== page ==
School Board considers new textbooks

By Ruthann Carr, correspondent

At the March 13 School Board meeting the administration presented the high school social studies textbook recommendations from the review committee for purchase.

It was a first look for the board.

Andrew Pullen (Columbia) said he wanted to get copies to look over.

Brenda Gilliam, executive director of instruction and finance, said copies were at the administration office and the high school. Anyone can stop in and read through the proposed textbooks.

The board plans to take a second look at the proposal at its April 10 meeting. Any Fluvanna resident wanting to speak to the board can do so at that meeting.

The recommended books are:

  • Civics – Houghton, Mifflin, Harcourt;
  • World Culture and Geography Survey – Cengage/National Geographic;
  • America, A Narrative Story – W.W. Norton;
  • Sociology – Houghton, Mifflin, Harcourt; and
  • Virginia and United States History – Pearson.

The total cost for teacher’s editions and copies for students is $49,031.40.

The Fluvanna Review sent an email to Gilliam asking about the process of choosing textbooks. It also asked her how many times she’d been through the textbook selection process.

Gilliam replied that the state offers a list of approved textbooks but schools are not required to use books on that list. Any choice is expected to meet the Virginia Standards of Learning.

The school forms a committee of parents, teachers, administrators and community members to review the books, then makes a recommendation to the board.

Gilliam said she’s done this many times in her career.

“This is probably the eighth time I have gone through the textbook adoption process,” she wrote in an email. “The level of feedback that we have received from the School Board or public has varied over that time. We had originally planned to ask for action on the item at the April School Board meeting. Since there have been some concerns expressed we are planning to move the action until May. This will give the committee time to address any concerns or questions that have been raised.”

Pullen posted on his Pullen for Fluvanna School Board Facebook page that he found “issues” with one of the textbooks.

“This is why it is incumbent upon us to ensure that we know exactly what is being taught to our children, that what they’re reading is objective and that history lessons are not being motivated by outside politcal [sic] forces,” Pullen stated in his post.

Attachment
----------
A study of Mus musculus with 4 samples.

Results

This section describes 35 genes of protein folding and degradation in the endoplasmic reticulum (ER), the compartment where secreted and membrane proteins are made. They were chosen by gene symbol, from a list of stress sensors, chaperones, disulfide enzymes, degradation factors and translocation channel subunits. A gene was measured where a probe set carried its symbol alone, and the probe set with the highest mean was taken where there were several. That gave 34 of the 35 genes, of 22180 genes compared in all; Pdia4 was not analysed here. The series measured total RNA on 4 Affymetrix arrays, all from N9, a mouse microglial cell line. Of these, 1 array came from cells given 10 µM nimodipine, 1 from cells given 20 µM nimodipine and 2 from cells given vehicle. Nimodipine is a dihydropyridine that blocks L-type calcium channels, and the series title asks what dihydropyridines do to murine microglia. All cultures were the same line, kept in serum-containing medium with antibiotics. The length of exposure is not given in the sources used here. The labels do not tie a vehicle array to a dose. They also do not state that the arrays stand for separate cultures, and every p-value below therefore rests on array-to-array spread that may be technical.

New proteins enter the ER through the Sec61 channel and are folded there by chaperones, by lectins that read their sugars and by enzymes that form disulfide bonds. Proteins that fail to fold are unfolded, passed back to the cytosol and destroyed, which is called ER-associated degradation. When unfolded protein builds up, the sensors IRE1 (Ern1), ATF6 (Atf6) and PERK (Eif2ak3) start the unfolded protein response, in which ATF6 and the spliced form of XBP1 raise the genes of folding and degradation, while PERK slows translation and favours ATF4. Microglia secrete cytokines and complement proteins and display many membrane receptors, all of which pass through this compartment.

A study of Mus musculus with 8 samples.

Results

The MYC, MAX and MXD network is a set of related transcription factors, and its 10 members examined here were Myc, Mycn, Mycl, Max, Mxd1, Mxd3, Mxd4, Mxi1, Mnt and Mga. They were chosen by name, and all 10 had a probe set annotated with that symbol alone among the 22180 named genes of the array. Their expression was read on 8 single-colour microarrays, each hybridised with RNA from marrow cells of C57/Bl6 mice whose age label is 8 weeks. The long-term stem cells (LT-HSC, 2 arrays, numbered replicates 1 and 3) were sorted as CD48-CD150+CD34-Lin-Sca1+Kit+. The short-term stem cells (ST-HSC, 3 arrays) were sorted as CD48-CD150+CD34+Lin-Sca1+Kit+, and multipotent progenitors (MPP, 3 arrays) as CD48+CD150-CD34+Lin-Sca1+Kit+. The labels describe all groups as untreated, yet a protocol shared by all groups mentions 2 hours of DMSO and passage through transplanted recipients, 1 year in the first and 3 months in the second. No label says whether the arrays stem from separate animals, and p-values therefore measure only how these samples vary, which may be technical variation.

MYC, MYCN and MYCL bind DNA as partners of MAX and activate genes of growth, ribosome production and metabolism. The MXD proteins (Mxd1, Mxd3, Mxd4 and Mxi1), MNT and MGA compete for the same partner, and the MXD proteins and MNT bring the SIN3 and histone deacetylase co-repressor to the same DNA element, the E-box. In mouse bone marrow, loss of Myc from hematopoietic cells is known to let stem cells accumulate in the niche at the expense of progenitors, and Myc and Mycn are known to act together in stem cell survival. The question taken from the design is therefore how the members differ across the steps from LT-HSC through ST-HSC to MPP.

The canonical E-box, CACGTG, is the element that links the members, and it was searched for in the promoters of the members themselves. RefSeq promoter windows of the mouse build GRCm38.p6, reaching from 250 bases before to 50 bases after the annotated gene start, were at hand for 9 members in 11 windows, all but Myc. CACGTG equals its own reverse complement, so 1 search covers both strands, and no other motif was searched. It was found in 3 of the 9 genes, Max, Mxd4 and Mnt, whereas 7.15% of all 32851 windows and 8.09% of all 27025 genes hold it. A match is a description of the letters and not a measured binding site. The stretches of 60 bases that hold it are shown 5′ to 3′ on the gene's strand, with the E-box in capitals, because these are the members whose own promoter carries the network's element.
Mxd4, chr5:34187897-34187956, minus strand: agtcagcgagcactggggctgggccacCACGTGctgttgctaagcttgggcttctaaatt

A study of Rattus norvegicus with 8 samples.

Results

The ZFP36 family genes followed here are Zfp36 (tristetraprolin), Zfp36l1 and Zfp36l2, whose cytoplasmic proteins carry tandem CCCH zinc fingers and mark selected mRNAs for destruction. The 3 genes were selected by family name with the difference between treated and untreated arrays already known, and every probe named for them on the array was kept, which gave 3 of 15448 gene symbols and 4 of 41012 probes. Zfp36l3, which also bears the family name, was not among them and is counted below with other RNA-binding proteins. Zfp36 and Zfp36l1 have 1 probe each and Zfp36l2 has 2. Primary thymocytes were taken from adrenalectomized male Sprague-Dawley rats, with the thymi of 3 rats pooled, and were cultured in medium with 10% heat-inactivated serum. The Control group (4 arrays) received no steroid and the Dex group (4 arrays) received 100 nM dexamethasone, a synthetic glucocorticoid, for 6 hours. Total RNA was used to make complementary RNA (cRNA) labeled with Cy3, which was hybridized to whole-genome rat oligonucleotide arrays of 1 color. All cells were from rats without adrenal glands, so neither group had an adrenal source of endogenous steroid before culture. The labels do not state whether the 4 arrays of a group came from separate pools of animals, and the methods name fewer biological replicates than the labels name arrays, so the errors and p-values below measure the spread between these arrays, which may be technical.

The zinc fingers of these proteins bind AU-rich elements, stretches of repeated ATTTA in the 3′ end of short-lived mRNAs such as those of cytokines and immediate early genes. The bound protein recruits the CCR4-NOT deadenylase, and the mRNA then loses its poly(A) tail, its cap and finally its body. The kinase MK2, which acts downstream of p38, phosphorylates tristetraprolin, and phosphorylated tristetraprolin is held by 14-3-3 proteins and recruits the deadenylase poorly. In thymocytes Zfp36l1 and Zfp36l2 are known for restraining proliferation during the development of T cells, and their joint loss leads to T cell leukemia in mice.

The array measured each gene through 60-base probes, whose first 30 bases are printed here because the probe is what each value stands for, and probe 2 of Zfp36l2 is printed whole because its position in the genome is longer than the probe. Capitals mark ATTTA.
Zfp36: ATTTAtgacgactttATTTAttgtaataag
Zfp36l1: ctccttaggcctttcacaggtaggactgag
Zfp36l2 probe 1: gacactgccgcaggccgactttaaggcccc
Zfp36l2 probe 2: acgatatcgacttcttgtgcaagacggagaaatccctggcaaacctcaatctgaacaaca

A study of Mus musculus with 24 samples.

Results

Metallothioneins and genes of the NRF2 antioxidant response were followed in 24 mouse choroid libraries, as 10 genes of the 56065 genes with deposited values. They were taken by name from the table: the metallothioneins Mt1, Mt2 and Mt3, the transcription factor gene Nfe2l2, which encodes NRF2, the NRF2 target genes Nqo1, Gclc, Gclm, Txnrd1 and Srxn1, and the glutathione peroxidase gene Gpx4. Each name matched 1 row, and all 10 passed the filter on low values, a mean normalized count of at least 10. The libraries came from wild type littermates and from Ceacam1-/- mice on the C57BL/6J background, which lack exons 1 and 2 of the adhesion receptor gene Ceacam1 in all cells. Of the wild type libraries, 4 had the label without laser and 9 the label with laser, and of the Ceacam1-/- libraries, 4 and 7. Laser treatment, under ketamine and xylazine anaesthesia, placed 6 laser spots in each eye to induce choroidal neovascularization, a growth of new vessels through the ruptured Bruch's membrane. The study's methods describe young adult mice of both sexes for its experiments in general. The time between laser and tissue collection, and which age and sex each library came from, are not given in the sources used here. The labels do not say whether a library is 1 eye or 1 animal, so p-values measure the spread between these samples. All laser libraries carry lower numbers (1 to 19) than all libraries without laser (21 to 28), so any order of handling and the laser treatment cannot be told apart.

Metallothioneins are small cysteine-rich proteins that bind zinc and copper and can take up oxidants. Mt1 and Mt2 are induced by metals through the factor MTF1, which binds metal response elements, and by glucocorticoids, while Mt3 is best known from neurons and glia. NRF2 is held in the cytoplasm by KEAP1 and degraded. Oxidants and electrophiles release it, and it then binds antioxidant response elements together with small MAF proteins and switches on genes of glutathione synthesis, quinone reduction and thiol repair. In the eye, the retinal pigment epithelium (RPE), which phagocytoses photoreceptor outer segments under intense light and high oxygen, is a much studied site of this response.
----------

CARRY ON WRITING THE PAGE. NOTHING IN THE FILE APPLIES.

When prompted by a commenter to cite what his concerns were and on what page, Pullen said, “I’ve found a lot of historical inaccuracies and discussion about ‘privilege’ or other terms that are politically, rather than historically driven.”

Asked several more times from readers of his page to cite specifics, Pullen did not respond.

The Fluvanna Review emailed each School Board member asking what they understood about FCPS textbook selection process, if they agreed with it and if they had any concerns. If they had concerns, they were asked to cite specifics.

Neither Pullen nor Charles Rittenhouse (Cunningham) responded.

Perrie Johnson (Fork Union) explained in detail the selection process: “Eight teachers and eight community members serve on the selection committee. They began meeting in October. The committee established a timeline, chose books to review and submitted the recommendations at the March meeting.”

Johnson said she was comfortable with the process, mainly because it is a thought-out policy and a wide range of people vet selections. Added to that, the opportunity for the public to weigh in satisfies Johnson.

“I think it’s a good system of checks and balances,” Johnson wrote. “I’ve reviewed all of the recommended texts (not all that were under consideration) and have no significant concerns. Since these are social studies/civics texts, I reviewed them with a particular interest in neutrality of political views and religious information, and the absence of gender and racial stereotypes.”

Shirley Stewart (Rivanna) and Brenda Pace (Palmyra) also replied to the email stating they were satisfied with the selection process.

“I have reviewed all of the textbooks that are being recommended for purchase,” Stewart wrote. “I find them to be engaging, stressed higher order thinking, and provided resources for students to draw their own conclusions about a variety of topics. I have no doubt that teachers will need to supplement the text, have activities they have used in the past that they plan to continue, and will decide over time which parts of each text will be successful without modification. I trust that the recommendation of the committee was made with careful consideration of our students’ needs and their ability to address the curriculum.”

Pace said in the eight years she’s served on the School Board she didn’t recall any “major issues” with textbook selection.

“The fact that staff, parents, and community members have the opportunity to review text books provides options for concerns to come before the board,” Pace wrote. “I feel the availability to review the textbooks is important, especially for parents.”


Social studies textbooks available for review

The Fluvanna County School Board will take a second look at the textbook committee’s recommendation at its Wednesday (April 10) meeting.

The recommended textbooks and instructional materials will be on public display at the School Board Office weekdays from 8 a.m. to 4 p.m. through April 9. Questions about the evaluation and adoption process should be directed to Brenda Gilliam at or 434-589-8208.

The public is invited to comment to the School Board about the adoption at the April 10 meeting.